The MEA remained silent about the possibility of Jaishankar holding a bilateral meeting with the Foreign Minister of Pakistan

Though both External Affairs Minister S Jaishankar and his Pakistani counterpart Shah Mahmood Qureshi are at Dushanbe in Tajikistan to attend a conclave on Afghanistan, the two sides have not yet scheduled a bilateral meeting on the sidelines of the multilateral event.

Jaishankar and Qureshi separately arrived at Dushanbe on Monday to take part in the ninth ministerial meeting of the “Heart of Asia–Istanbul Process”, a multilateral initiative to end the conflict in Afghanistan.

Islamabad did send informal messages to New Delhi through backchannels, exploring the possibility of a meeting between Jaishankar and Qureshi on the sidelines of the “Heart of Asia” meeting in Dushanbe. But as Prime Minister Narendra Modi’s government decided to tread cautiously, no such meeting has been scheduled till late in the evening on Monday, sources in New Delhi told DH.

Jaishankar and Qureshi will join counterparts or representatives from Russia, China, Afghanistan, Iran, Kazakhstan, Kyrgyzstan, Tajikistan, Turkmenistan, Saudi Arabia, United Arab Emirates, Azerbaijan, Uzbekistan and Turkey at the Heart of Asia meet in Dushanbe on Tuesday.

Qureshi spoke to his Foreign Minister of United Arab Emirates, Sheikh Abdullah bin Zayed bin Sultan Al Nahyan, on Sunday.

The UAE had purportedly played a behind-the-scene role in making the Indian Army and the Pakistan Army agree on February 25 last to strictly adhere to the 2003 ceasefire pact and stop firing across the Line of Control (LoC). A day later, the External Affairs Minister had hosted the UAE Foreign Minister in New Delhi and the two had a meeting.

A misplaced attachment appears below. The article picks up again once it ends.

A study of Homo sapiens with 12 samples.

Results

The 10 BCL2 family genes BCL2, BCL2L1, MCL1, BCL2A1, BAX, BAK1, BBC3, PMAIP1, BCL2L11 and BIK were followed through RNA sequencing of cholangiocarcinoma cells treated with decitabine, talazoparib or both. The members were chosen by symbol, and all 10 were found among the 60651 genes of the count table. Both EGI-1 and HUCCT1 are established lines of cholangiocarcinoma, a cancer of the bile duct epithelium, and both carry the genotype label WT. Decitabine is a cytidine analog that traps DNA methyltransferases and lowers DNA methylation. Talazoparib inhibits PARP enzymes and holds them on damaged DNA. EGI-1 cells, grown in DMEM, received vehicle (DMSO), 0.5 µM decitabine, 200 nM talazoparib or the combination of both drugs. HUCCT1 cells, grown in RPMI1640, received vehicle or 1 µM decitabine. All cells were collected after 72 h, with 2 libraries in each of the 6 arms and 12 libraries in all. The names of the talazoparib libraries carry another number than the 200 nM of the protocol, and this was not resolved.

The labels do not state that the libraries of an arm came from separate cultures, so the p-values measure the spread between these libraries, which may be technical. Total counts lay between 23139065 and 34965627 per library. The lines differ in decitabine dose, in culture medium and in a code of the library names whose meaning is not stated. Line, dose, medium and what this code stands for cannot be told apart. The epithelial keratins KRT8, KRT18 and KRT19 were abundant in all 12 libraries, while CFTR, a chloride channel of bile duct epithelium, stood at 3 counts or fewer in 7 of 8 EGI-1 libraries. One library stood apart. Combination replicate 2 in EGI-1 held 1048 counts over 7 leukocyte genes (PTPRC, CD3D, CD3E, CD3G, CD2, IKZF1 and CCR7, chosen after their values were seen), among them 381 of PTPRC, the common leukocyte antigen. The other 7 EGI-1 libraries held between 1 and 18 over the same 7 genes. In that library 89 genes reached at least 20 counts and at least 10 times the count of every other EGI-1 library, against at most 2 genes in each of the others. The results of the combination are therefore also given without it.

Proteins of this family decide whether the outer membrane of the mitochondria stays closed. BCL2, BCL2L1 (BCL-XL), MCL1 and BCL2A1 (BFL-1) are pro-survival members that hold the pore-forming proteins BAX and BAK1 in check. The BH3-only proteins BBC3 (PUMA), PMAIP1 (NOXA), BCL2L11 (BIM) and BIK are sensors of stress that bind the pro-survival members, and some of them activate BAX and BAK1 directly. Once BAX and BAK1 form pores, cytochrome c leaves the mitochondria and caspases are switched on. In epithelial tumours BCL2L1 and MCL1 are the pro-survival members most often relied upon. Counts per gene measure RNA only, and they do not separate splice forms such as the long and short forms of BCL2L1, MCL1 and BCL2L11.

A news agency recently reported that they had a discussion on the possibility of working out a roadmap towards restarting the stalled talks between India and Pakistan.

The Ministry of External Affairs (MEA) in New Delhi, however, did not confirm or deny the UAE’s role in back-channel efforts to get the two South Asian neighbours to return to the table of negotiation.

Qureshi also spoke to Saudi Arabian Foreign Minister Faisal bin Farhan Al Saud ahead of his visit to Dushanbe.

Jaishankar had a bilateral meeting with Iranian Foreign Minister Javad Zarif on the sideline of the Heart of Asia meet hours after arriving in Dushanbe. The MEA, however, remained silent about the possibility of his holding a bilateral meeting with the Foreign Minister of Pakistan.

Asked if he is likely to hold a bilateral meeting with Qureshi during his stay in Dushanbe, Jaishankar said at an event last Friday that his schedule was still in progress but no engagement with Pakistan Foreign Minister had been scheduled till then. Qureshi, himself, purportedly said in Dushanbe on Monday that no bilateral meeting between him and Jaishankar had been scheduled so far.

Pakistan Prime Minister Imran Khan on March 17 had said that his counterpart Narendra Modi’s government in New Delhi would have to make the first move to restart the stalled bilateral dialogue between the two nations. The Chief of Pakistan Army, Gen Qamar Javed Bajwa, on March 18 said that it was time for his country and India to bury the past and move forward. India, however, put the onus back on Pakistan to create a conducive atmosphere for the resumption of the bilateral dialogue.